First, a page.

I'm trying to prove that the Language $L_1$ = $\{1^m :$ m is not a perfect square$\}$ is not regular. I proved before that L = $\{1^m :$ m is a perfect square$\}$ is not regular, I thought that I could proof $L_1$ in a similar way but I'm stuck right now, I tried several estimations but nothing seems to work. What I got so far:

Assume L is regular, that is there exists an $n \in \mathbb{N}$ such that every $x \in L$ with $|x| \geq n$ can be decomposed such that the three conditions of the Pumping Lemma hold. Let x = $1^{n^2 +1}$ then clearly $|x| \geq n$, now $uv^0w$ should also be an element of the language but $uw = 1^{n^2 +1-|v|}$... So how can I argue now that uw is a square? A little hint would be awesome


  • $\begingroup$ $uw$ need not be a square. Although the pumping lemma gives a lot more information than you used ($uv^kw$ has to be a non-square for all $k$), I don't see that pumping is a good way to approach this problem. If you know the theorem that the complement of a regular language is regular, then you're done, since you already showed that the set of square-length strings of $1$'s is not regular. If you don't know that theorem, try to prove it as an exercise. $\endgroup$ – Andreas Blass Oct 16 '17 at 21:18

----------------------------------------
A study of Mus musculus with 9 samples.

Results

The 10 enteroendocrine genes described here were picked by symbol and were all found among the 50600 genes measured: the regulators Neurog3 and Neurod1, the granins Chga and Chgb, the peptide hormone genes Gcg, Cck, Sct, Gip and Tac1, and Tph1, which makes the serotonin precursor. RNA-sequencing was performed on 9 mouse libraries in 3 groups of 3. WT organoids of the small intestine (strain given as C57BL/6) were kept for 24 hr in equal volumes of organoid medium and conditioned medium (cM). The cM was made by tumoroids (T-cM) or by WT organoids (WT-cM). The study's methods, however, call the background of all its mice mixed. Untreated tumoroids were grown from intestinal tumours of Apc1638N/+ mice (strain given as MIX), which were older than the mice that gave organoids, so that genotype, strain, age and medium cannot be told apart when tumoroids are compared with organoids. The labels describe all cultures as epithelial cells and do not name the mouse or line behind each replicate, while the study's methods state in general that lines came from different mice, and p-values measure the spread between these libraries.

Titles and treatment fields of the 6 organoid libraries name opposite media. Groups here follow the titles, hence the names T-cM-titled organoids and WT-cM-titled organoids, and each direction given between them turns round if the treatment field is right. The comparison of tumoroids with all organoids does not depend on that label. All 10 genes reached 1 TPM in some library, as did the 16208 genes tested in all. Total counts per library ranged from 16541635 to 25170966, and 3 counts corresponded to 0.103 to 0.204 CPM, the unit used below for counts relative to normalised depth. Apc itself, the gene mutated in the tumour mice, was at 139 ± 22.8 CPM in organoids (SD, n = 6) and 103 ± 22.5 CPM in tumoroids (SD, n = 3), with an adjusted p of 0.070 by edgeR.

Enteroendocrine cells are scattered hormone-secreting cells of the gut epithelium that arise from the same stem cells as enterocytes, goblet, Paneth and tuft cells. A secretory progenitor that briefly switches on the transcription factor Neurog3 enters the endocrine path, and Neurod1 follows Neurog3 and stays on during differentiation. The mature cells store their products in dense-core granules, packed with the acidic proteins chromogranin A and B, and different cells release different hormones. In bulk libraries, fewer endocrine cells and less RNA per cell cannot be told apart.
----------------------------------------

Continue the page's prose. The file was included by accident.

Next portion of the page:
An important property of regular languages is that the latter are closed under complementation.

In other words, the complement of a regular language is also regular.

As you have already proved that $\overline{L_1}$ (the complement of $L_1$) is not regular, you can base your argument on that to prove $L_1$ is not regular according to closure properties.